Current and former Deutsche Bank employees are reportedly being questioned by the Serious Fraud Office (SFO) in relation to Libor rate-rigging.
It comes after the Frankfurt-based bank was fined £1.6 billion earlier this year in settlements with US and UK regulators including a £227 million penalty levied by Britain's Financial Conduct Authority (FCA).
The bank has already fired seven employees over the scandal. The SFO and Deutsche Bank both declined to comment on a report from Bloomberg about those said to have been interviewed in recent weeks.
The report said that a number of traders had been questioned over the manipulation of Libor - the London interbank offered rate - and its euro counterpart, according to sources. It added that at least one banker was interviewed under caution.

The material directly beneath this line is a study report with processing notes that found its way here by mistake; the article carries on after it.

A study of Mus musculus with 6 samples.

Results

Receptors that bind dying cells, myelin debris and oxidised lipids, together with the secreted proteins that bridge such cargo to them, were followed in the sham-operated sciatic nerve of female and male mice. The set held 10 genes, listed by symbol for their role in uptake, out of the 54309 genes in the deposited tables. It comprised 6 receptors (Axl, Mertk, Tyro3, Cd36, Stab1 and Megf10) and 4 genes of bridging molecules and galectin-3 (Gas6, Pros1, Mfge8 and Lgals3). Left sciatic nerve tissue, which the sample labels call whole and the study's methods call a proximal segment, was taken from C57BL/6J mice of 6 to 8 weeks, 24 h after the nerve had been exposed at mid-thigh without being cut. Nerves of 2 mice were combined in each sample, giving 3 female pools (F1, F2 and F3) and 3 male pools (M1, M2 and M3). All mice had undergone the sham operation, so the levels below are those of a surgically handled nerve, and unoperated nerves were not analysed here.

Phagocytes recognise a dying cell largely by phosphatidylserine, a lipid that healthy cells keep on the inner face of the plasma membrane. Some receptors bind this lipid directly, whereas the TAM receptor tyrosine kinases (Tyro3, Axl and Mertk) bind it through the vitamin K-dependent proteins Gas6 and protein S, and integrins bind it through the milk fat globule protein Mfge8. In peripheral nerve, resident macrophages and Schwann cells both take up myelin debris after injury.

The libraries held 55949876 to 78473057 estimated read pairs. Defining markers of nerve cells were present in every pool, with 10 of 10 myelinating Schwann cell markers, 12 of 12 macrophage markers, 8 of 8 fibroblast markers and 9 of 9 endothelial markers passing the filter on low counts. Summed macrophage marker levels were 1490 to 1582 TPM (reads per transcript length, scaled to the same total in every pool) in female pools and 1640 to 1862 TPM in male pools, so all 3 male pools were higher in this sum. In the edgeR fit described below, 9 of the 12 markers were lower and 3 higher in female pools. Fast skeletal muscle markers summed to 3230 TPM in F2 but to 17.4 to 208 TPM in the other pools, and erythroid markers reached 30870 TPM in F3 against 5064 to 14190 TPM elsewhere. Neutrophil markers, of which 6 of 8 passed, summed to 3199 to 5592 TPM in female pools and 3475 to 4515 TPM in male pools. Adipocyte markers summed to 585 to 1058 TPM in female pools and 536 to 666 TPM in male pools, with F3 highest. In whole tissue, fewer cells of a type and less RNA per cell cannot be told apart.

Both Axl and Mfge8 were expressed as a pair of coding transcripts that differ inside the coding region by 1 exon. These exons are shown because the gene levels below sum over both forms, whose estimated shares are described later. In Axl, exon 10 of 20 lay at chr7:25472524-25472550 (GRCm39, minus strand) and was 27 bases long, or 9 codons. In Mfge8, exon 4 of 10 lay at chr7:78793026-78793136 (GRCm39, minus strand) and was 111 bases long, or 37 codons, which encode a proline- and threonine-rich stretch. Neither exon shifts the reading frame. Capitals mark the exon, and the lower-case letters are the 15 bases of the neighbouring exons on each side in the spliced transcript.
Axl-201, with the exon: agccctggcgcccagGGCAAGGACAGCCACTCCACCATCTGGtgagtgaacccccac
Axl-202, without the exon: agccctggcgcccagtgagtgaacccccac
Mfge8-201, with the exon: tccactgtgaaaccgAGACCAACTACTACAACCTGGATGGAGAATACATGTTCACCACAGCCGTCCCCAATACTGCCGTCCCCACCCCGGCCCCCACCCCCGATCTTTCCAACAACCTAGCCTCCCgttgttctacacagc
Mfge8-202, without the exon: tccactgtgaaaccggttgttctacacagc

The FCA said earlier this year that parts of Deutsche had a "deeply ingrained" culture of "generating profits without proper regard to the integrity of the market". It said the bank's failings had been compounded by it "repeatedly misleading" the regulator.
It is understood that no current or former Deutsche employees have been charged over the scandal.
Banks have been fined billions of pounds over the manipulation of Libor - a benchmark interbank lending rate that is used as the basis for hundreds of trillions of dollars of loans and transactions around the world from complex derivatives to mortgages.
Last month former UBS trader Tom Hayes was jailed for 14 years after being found guilty of eight charges of conspiracy to defraud over the scandal. He was said to have been the "ringmaster" of a rate-rigging network.